Investors shouldn't expect pro-growth fiscal policies to take the spotlight from central banks any time soon, Russell Investment's Stephen Wood said Friday.
Fixes to the U.S. tax code will only marginally improve economic growth, but for the time being, it remains a central banker's world, with monetary policy dominating the conversation, he told CNBC's "Squawk Box."
"I think it's more of a 2.5 to 3 [percent], maybe 2.75 to 3.25 world," he said. "At the end of this longer recovery cycle, I think that could be the new speed limit on the economy in a deleveraging world."
"Also, in this generation, I think it's disinflation that is the issue, not inflation, which was our parents' challenge. So what we're dealing with right now is a disinflationary world, and how do you create growth in that environment?"
On Thursday, the Commerce Department said the U.S. economy grew by 2.3 percent in the second quarter, below analysts' estimates for 2.6 percent growth.
Despite the miss, Wood said he still believes the Federal Reserve will begin raising interest rates in September, not because the data indicate it's the right time to do so, but because the central bank is institutionally committed to tightening monetary policy.
"The Fed is not as data-dependent as they want us to think they are. I think they want to go, and in the absence of some dreadfully bad data, they're going to go," he said.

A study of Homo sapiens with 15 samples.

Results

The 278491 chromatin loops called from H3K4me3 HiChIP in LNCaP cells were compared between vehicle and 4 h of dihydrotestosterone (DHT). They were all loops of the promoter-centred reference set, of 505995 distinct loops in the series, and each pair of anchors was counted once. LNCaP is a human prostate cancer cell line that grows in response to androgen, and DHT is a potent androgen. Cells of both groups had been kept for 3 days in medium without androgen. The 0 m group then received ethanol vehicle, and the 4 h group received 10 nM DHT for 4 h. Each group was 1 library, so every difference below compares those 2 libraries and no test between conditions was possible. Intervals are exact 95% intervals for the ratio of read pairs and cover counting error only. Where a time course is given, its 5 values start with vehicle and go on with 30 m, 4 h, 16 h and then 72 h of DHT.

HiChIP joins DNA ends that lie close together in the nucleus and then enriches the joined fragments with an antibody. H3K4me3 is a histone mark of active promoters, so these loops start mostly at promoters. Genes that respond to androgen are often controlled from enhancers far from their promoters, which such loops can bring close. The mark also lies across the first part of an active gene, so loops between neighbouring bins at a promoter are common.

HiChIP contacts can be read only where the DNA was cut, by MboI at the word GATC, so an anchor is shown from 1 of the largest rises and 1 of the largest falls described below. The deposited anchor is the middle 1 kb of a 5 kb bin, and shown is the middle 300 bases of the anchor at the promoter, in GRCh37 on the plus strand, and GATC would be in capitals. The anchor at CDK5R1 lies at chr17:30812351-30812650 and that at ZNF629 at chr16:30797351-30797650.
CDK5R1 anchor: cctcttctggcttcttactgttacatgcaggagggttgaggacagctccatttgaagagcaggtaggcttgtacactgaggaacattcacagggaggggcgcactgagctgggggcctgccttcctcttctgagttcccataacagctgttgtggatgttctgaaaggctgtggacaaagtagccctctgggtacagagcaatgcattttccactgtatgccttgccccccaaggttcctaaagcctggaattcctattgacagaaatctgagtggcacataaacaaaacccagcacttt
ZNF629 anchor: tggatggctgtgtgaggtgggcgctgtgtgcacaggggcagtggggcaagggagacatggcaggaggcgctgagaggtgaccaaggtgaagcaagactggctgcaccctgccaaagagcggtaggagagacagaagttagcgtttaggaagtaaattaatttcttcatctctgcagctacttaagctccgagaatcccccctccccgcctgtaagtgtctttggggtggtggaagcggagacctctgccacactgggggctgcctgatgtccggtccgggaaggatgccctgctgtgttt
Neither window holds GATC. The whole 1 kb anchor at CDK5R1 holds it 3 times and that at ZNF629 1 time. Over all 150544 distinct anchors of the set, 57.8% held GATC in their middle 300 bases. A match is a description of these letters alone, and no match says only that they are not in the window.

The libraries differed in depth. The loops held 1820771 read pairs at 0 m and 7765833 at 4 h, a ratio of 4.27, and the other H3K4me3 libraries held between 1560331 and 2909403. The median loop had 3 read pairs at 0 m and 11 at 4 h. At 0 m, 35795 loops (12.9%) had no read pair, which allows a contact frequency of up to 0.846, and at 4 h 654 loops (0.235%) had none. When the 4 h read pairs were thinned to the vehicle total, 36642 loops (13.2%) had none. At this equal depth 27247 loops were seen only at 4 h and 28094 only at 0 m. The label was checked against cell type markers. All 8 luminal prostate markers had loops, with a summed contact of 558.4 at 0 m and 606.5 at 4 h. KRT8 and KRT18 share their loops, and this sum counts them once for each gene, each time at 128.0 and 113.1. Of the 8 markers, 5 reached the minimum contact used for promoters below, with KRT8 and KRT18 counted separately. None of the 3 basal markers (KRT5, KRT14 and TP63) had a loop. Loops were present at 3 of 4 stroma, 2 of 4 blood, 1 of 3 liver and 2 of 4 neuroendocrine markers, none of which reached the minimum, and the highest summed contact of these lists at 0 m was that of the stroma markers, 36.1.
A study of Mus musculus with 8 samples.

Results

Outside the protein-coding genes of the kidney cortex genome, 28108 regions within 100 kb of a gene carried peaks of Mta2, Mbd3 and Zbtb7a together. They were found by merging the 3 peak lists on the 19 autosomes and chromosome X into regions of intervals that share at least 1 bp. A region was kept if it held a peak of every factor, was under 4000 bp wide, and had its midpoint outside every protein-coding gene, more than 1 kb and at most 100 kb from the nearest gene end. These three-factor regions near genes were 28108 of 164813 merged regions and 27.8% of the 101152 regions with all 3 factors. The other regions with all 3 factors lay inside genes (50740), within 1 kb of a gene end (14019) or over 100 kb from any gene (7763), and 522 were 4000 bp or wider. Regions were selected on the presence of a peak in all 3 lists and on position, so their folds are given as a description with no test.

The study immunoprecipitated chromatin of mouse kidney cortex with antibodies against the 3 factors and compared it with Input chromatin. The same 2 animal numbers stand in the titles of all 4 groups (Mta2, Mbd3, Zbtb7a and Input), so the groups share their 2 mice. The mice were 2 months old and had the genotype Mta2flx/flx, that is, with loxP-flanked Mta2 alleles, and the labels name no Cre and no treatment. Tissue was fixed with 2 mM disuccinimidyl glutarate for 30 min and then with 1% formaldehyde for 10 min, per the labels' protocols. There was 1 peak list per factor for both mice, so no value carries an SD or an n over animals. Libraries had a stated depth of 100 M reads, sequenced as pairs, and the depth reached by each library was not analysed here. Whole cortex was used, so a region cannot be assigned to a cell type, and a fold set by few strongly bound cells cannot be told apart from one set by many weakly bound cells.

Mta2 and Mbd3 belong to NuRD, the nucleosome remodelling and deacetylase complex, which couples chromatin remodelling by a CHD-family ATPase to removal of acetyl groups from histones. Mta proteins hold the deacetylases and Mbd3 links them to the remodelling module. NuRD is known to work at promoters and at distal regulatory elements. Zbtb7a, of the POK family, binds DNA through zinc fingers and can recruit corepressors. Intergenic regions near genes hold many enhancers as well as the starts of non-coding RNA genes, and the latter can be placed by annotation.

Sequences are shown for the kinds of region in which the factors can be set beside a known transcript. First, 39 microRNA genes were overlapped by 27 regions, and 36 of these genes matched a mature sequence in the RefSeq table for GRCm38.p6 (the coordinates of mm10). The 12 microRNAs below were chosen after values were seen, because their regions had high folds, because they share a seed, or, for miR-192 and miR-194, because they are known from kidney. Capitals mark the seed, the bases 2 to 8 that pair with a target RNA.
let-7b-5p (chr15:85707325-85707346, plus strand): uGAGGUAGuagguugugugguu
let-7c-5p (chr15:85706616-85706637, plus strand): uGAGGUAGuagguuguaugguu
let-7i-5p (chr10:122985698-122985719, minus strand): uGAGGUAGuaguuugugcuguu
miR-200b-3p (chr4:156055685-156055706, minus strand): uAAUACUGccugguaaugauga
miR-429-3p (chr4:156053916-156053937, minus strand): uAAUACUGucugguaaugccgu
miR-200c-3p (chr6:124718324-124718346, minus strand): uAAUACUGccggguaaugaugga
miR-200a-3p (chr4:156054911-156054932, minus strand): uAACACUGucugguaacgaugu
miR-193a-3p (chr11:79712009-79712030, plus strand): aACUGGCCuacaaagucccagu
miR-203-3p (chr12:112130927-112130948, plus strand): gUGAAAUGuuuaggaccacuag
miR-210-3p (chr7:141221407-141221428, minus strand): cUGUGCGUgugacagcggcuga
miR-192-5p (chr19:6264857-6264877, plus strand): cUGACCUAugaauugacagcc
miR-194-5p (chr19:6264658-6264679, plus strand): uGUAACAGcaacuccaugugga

The CME FedWatch tool, which measures daily market reaction to the probability of a change in the fed funds rate, puts the chance of a Rate hike in September at 0 percent. It had stood at 15 percent prior to the GDP report.
Krishna Memani, CIO and head of fixed income at Oppenheimer Funds, said its too soon to say a September rate hike is a given.
"December is probably more likely," he told "Squawk Box." "I think once this year is what they are looking to do and they are data dependent and the data is just not strong enough for them to do it in September."
"You have two more data employment reports, and if they come in much stronger than where the GDP number was, perhaps we have a chance."
Weakness in the Chinese economy may also give the Fed pause, he said. "It has been slowing, and there's no relief. It'll probably continue to slow and probably take global growth down along with it. That kind of makes the Fed's job a lot tougher."
Should the U.S. dollar continue to strengthen in anticipation of higher rates, the case for tightening weakens because the strong dollar is essentially doing the tightening for the Fed, he added.